RALEIGH, N.C. (WNCN) – Raleigh’s mayor announced details Tuesday of a series of meetings to continue building relationships between city leaders, law enforcement and community members.
Mayor Nancy McFarlane’s announcement comes 10 months after the fatal officer-involved shooting of Akiel Denkins.
Officer D.C. Twiddy shot and killed an armed Denkins in a struggle over the officer’s gun Feb. 29 on Bragg Street, officials said. Denkins, who had previous criminal convictions, was wanted for failure to appear on felony drug charges at the time of the shooting.
McFarlane called the meetings a safe place for open and honest conversations.
“Through these conversations we hope to bring to light many of the challenges facing our community. This includes the community relationship with the Raleigh Police Department and other city departments,” McFarlane said.
A community activist Akiba h. Byrd with North Carolina Fair Share CDC said it’s time to bring policing to the forefront.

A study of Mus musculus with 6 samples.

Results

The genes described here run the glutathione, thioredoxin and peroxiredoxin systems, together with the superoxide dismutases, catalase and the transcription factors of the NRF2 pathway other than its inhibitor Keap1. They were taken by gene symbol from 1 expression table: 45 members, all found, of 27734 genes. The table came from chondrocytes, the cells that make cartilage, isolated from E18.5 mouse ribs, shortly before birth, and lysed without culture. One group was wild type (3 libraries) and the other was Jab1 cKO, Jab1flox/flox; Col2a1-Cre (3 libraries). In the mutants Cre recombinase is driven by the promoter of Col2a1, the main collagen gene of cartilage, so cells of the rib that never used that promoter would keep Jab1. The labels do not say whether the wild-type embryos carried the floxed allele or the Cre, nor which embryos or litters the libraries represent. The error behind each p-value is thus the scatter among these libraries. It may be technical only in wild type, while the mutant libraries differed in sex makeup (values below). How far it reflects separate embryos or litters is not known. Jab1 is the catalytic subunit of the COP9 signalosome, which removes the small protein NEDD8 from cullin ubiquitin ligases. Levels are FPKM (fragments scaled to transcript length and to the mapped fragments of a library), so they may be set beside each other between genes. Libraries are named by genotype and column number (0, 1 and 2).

“But what I have seen is a community coming together behind these tragic events but also getting behind just the understanding that there is a bigger problem out here and we are going to have to address it. It’s not something that we can put off any further,” Byrd said.
Two city-wide meetings will be held November 14 and 16.
Five smaller gatherings will follow with one occurring in each city council district.
The topics will include race relations, education, and affordable housing.
“These are important discussions that will enlist the help of all who participate to begin to identify meaningful and achievable solutions to challenges facing our community,” McFarlane said.
Paul Engram, owner of Paul’s Barbershop, has been very active with policing issues.
In October, the barbershop hosted an event with community members and Raleigh police to talk about various issues.
Engram said police need to do a better job of knowing certain areas.
“But if you at least get to know your local businesses or you small businesses in your area, you will get to know the community because the community is normally behind the small businesses and they know the people in the area,” Engram said.